Challenging Behavior in Children

By Carol Dimas, M.S.Ed.


To support children with challenging behavior, it is important to look at this behavior from the lens of communication. We all communicate through our behavior. A baby fusses when he is tired; an adult fidgets in a meeting when he is bored; an anxious teen refuses to come to the dinner table because she is trying to avoid questions about her failing grades in school. Children can often struggle communicating their needs, and their challenging behavior is sending us this message. 

In order to support children with challenging behaviors, we must switch our thinking from negative consequences to positive reinforcement. Do negative consequences work to eliminate behaviors? Well, in the case of an authentic consequence like touching the stove and getting burned, that will surely deter this behavior in the future. But when we are dealing with children with challenging behavior – especially in the school setting – it is crucial to find out what the child is really trying to communicate. 

Solving the problem with communication and positive support can serve to eliminate or replace the challenging behavior. Using a system that “punishes” the student does not get to the cause and can also serve to further increase the child’s low self-esteem.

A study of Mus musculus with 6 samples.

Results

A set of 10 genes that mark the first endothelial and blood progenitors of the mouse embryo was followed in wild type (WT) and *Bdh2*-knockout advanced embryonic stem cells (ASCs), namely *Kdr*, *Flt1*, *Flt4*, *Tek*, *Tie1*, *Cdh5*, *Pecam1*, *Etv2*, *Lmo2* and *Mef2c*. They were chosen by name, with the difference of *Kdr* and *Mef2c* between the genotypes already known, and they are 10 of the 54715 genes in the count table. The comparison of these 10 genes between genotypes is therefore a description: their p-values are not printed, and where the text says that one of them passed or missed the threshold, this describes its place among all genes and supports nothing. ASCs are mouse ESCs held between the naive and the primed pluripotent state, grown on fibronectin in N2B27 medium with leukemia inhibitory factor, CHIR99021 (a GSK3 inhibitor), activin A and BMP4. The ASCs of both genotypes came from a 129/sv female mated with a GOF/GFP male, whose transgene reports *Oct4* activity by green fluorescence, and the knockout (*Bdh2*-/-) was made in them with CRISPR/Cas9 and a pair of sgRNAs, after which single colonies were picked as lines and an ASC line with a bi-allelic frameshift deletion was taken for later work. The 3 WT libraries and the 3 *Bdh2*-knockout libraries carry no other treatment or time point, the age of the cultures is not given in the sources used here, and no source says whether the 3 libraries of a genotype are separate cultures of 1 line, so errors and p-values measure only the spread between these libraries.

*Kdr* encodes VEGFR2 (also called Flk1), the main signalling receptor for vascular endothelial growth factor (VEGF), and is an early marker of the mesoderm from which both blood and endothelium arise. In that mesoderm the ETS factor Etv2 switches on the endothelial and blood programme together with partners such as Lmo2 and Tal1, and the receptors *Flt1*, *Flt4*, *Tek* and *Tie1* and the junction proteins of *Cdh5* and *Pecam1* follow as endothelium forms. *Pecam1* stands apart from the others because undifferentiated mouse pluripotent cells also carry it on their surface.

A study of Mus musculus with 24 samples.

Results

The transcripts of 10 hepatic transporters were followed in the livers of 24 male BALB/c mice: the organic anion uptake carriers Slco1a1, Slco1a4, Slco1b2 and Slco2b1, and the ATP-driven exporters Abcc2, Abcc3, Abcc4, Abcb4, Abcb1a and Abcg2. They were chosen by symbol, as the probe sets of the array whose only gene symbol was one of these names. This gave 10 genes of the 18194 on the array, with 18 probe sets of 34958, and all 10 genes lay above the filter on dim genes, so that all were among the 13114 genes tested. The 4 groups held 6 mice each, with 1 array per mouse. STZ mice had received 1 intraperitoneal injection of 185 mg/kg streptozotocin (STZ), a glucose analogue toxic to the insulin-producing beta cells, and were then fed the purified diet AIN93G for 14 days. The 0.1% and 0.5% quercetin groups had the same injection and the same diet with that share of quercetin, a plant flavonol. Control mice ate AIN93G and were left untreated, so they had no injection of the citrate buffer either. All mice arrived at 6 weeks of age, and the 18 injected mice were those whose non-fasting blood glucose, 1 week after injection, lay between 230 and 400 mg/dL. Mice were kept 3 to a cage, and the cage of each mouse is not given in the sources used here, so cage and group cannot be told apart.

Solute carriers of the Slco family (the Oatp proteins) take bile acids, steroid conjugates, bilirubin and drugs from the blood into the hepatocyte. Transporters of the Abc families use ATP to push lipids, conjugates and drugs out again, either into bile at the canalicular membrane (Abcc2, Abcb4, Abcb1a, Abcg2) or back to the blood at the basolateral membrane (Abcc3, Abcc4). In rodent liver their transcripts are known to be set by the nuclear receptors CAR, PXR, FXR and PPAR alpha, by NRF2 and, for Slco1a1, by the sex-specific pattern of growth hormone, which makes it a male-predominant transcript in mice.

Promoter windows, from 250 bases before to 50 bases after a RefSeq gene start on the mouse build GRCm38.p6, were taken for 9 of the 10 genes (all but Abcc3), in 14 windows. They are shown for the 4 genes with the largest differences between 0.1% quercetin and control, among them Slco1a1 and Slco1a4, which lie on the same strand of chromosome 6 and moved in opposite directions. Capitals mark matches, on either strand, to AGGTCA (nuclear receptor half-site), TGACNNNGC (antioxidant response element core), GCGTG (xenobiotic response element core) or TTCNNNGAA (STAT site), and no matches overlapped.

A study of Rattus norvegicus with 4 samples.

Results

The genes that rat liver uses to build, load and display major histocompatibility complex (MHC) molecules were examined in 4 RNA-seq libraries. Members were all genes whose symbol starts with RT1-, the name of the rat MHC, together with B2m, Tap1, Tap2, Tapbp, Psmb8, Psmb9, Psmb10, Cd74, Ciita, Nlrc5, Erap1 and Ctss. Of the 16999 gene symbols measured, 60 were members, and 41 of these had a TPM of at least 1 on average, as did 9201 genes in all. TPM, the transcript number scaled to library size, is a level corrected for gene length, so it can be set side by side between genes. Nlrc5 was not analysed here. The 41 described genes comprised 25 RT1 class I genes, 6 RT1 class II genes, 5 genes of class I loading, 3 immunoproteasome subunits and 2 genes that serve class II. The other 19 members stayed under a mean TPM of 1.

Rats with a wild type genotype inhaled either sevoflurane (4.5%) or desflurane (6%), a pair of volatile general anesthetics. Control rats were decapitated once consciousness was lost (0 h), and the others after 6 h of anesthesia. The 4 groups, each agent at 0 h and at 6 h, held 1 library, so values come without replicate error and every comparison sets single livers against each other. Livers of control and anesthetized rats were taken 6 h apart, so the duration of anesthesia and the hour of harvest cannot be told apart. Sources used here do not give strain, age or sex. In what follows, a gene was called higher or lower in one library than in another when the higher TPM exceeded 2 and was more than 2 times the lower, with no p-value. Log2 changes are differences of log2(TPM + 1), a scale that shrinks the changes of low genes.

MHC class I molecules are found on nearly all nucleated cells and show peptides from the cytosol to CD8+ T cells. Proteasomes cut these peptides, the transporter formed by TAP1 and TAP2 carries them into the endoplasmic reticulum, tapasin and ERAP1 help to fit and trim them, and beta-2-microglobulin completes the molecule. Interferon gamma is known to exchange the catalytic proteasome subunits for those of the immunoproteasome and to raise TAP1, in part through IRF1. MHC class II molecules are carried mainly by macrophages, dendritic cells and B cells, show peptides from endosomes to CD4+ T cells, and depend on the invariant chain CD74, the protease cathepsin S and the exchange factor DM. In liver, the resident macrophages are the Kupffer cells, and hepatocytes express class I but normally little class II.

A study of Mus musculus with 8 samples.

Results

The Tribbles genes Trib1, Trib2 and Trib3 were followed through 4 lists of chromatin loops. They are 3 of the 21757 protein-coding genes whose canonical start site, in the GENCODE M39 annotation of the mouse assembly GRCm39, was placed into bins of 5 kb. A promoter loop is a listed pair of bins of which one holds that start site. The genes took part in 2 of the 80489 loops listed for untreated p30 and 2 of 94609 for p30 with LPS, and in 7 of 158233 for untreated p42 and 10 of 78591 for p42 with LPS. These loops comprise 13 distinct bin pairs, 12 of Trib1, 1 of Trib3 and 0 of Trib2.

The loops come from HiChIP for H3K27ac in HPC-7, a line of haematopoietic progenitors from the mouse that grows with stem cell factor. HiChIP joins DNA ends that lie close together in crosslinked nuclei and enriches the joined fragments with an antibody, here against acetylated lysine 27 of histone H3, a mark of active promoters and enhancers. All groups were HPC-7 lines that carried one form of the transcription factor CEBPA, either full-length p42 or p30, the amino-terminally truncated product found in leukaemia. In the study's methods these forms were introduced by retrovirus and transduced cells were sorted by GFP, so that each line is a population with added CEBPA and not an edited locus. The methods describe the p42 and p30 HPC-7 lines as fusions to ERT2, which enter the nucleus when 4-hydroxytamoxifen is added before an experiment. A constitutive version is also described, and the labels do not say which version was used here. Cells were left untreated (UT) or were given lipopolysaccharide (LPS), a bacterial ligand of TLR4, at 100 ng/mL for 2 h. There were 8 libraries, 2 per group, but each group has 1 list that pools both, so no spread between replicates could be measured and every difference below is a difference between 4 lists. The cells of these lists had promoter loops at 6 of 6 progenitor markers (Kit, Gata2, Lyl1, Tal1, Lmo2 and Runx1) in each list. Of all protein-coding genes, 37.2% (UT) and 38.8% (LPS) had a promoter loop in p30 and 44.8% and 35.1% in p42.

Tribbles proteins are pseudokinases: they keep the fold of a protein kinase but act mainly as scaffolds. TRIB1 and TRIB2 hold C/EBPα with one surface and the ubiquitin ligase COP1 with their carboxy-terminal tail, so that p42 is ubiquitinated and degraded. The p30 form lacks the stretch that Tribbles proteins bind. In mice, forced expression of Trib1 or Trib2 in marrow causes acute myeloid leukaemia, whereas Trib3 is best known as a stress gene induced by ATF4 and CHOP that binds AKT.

If a student does not finish his morning work, for example, and then they are told they cannot go out to recess, we have not solved the problem of what is getting in the way of work completion, and we have also publicly shamed the child in front of peers. 

If we decide that we will support children with difficult behaviors, rather than try to control them with punishment, we can truly make a difference and reduce or even replace the challenges with strategies. If we look at behavior as non-compliance, we are assuming the child has no underlying needs and that the behavior is simply willful. 

As Dr. Ross Greene says, “kids do well if they can” rather than “kids do well if they wanna”! 

If you want to learn more from Carol on this subject, join us on August 5th for a free webinar. Click here to learn more and sign up.

About the Author

Carol Dimas, M.S.Ed.

President/Founder of Educational Advocacy & Consulting

Carol Dimas, M.S.Ed. is the President/Founder of Educational Advocacy & Consulting.

Carol is an Illinois State-Certified Highly Qualified Teacher in Elementary Education and Special Education K-12. She is a Reading Specialist and Learning Behavior Specialist. She holds a Bachelor’s Degree in Special Education and a Masters of Science in Special Education.

During her twenty-five-plus years of experience in education, Carol began teaching children with special needs in the public school system. She helped pilot a program that involved a collaboration between the school district and Loyola University Department of Psychiatry to better serve culturally disadvantaged youth in the area of mental health. She was also the chair of the Special Education committee to develop a district-wide Positive Behavior Intervention Program.